Roger Ebert has always been my favorite film critic. He is a brilliant writer who won the Pulitzer Prize in 1975, the only film critic ever to do so. I've been watching and reading his work since the days of "At the Movies," his TV show with the late, great Gene Siskel.
As much as I love his positive reviews, his negative reviews are even better. I remember laughing out loud at the end of this one for M. Night Shyamalan's The Village. If you ever get the chance, read his awesome compilation of negative reviews, Your Movie Sucks
I was aware of his cancer diagnosis several years ago, and I remember reading his blog and praying for him. I even posted a few comments to encourage him.
I was glad to see he was back in business and writing again; his Chicago Sun-Times film review website is always the first place I turn for excellent film reviews. I've also been following him on Twitter; his tweets are funny and poignant, biting and sarcastic. He attacks and praises people, passes on links to great poetry and music, and snarks about politics. He's a really fun guy to follow.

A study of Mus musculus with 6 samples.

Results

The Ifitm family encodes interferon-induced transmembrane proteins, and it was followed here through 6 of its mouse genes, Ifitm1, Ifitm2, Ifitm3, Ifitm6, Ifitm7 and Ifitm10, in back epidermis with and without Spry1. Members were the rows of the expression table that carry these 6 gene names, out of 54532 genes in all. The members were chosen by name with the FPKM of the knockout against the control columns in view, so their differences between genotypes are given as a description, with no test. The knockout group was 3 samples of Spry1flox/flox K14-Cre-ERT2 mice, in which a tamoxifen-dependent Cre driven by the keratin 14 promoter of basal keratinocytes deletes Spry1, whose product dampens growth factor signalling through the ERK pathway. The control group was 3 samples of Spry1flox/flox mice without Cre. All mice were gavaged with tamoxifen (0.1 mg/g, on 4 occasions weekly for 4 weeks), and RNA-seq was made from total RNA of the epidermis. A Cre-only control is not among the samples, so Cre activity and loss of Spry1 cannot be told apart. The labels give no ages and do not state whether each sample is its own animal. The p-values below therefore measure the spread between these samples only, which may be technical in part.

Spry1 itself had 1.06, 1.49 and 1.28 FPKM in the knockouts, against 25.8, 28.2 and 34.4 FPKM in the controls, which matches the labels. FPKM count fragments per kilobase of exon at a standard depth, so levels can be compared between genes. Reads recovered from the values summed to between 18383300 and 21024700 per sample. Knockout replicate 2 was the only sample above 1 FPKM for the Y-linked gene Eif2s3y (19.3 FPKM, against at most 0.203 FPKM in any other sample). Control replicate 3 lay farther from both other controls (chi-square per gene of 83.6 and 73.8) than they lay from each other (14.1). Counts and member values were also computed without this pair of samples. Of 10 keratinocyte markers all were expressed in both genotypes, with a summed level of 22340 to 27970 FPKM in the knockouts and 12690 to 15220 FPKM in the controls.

The web has been abuzz with the publication of a story on him in the current Esquire Magazine. It's a great read. Talks all about his cancer surgeries, his current health, his career, his marriage... I highly recommend that you take the time to read it. The cover photo is getting a lot of attention, because no one has really seen what Ebert looks like these days, with his lower jaw removed. It's jarring and hard to look at. But I think it was a brave thing to allow... Ebert is vulnerable and open, with his image as well as his illness, his life and his work.
And, of course, Ebert blogged about the piece and his reactions to it. I love his words about the cover shot:
When I turned to it in the magazine, I got a jolt from the full-page photograph of my jaw drooping. Not a lovely sight. But then I am not a lovely sight, and in a moment I thought, well, what the hell. It's just as well it's out there. That's how I look, after all.Characteristic Roger Ebert. Telling it like it is. As long as he's writing, I'll be reading.